Is your anger hurting you?
Odds are, yes…and in more ways than one.
It’s essential to manage anger…not only for your happiness, but for your heart.
The Problem With Anger
Research says that individuals with type A behavior (e.g., extreme sense of time urgency, competitiveness, impatience, and aggressiveness) have a twofold increase in cardiovascular disease (CVD) over non–type A individuals.
Particularly damaging to the cardiovascular system is the expression of negative emotions and anger. Greater expression of anger is associated with higher LDL, or “bad” cholesterol, and lower HDL, or “good” cholesterol.
Anger also leads to higher levels of C-reactive protein, a marker for inflammation that is associated with heart disease.
And angry, negative emotions are also shown to increase stress hormones such as cortisol, which can lead to dysfunction in the lining of the arteries, high blood pressure, and excessive blood clot formation.
The bottom line? Expression of hostility and anger comes back to cause harm to the individual expressing it—as well as the victims it leaves in its wake.
Here are 10 tips to improve your coping strategies and manage anger and hostility.
How To Control Your Anger
1. Don’t starve your emotional life.
Foster meaningful relationships. Make time to give and receive love in your life. It takes time and effort to foster close connection with others—but the payoff is invaluable.
Related: The Benefits Of Friendship
2. Learn to be a good listener.
Allow the people in your life to really share their feelings and thoughts uninterrupted. Empathize with them; put yourself in their shoes.
3. Don’t try to talk over others.
If you find yourself being interrupted, relax; don’t try to outtalk the other person. If you’re courteous and allow other people to speak, eventually they will reciprocate.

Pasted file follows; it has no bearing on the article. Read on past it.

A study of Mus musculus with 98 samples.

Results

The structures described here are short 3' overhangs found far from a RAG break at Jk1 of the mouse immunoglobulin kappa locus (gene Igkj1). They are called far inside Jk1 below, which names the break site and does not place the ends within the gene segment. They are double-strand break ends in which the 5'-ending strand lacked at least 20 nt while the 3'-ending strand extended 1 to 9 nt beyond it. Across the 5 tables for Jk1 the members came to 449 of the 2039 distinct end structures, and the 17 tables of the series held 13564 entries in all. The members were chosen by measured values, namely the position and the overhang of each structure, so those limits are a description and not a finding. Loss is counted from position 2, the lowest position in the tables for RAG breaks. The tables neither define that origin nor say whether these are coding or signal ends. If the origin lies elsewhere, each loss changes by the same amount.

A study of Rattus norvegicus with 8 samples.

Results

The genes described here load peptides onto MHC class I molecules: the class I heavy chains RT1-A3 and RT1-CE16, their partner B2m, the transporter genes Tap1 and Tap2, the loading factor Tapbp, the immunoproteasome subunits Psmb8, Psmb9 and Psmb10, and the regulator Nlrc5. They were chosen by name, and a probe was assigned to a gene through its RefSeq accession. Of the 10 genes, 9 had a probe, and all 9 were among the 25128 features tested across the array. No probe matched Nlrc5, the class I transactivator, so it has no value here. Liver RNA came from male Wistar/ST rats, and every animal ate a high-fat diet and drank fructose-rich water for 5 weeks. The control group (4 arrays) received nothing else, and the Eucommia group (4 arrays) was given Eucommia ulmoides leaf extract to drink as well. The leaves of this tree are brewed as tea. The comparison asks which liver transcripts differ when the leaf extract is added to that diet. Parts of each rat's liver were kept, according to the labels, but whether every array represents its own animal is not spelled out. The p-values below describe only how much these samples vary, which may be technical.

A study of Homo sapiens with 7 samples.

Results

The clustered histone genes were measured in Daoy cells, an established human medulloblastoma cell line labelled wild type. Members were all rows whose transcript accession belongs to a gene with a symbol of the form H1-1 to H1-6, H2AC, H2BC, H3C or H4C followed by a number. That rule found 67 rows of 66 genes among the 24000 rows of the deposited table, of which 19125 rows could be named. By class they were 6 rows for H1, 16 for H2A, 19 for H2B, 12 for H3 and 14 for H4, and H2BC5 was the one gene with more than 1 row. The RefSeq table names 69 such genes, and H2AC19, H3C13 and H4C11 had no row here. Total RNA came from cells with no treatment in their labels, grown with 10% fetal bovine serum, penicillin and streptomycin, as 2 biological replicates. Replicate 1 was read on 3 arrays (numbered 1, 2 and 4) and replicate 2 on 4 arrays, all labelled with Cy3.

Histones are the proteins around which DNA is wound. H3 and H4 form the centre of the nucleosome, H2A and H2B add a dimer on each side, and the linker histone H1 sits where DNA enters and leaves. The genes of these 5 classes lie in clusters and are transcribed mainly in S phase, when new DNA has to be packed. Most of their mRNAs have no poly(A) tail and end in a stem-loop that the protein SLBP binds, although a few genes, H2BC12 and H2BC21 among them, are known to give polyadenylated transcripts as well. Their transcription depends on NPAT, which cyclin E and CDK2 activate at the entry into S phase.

If they don’t, calmly explain that they’re disrupting the back-and-forth communication process. You can do this only if you’ve been a good listener. Good listening is key if you want to manage anger.
4. Avoid aggressive or passive behavior.
Be assertive, but express your thoughts and feelings in a kind way to help improve relationships at work and at home. Avoid indirect communication. Say what you mean simply and clearly.
5. Avoid excessive stress in your life.
Try to avoid excessive work hours, poor nutrition, and inadequate rest. Get as much sleep as you can, because this will help you have more emotional resources to draw from when difficult situations arise. You’ll be less apt to snap at others or lose your patience.
6. Avoid stimulants such as caffeine and nicotine.
Stimulants tend to trigger the fight or flight response, and make people irritable in the process.
7. Take time to build long-term health and success.
8. Accept gracefully those things over which you have no control.
Save your energy for those things you can do something about. Worrying about something that could happen rarely has any effect on the outcome.
9. Accept yourself.
Remember that you’re human and will make mistakes from which you can learn along the way. Practice self-compassion and give yourself a break.
10. Be more patient and tolerant of others.
Follow the Golden Rule. If it would make you feel bad to be yelled at or criticized, don’t do it to others. Try to be positive and optimistic so others feel energized by you—not depleted.
It’s time to manage anger and hostility in your life. Being a less angry person—and being conscious, compassionate, good-natured, and patient—is not only good for your relationships at home and at work, but for your heart as well.
Michael T. Murray ND is a naturopathic physician regarded as one of the world’s top authorities on natural medicine. An educator, lecturer, researcher, and health food industry consultant, he is the author of more than 30 books, including his newest book, The Complete Book of Juicing, Revised and Updated: Your Delicious Guide to Youthful Vitality (Clarkson Potter, 2014). Readers who sign up for the Weekly Natural Facts newsletter at drmurray.com will receive a free copy of Dr. Murray’s new ebook, Stress, Anxiety and Insomnia! What the Drug Companies Won’t Tell You and Your Doctor Doesn’t Know.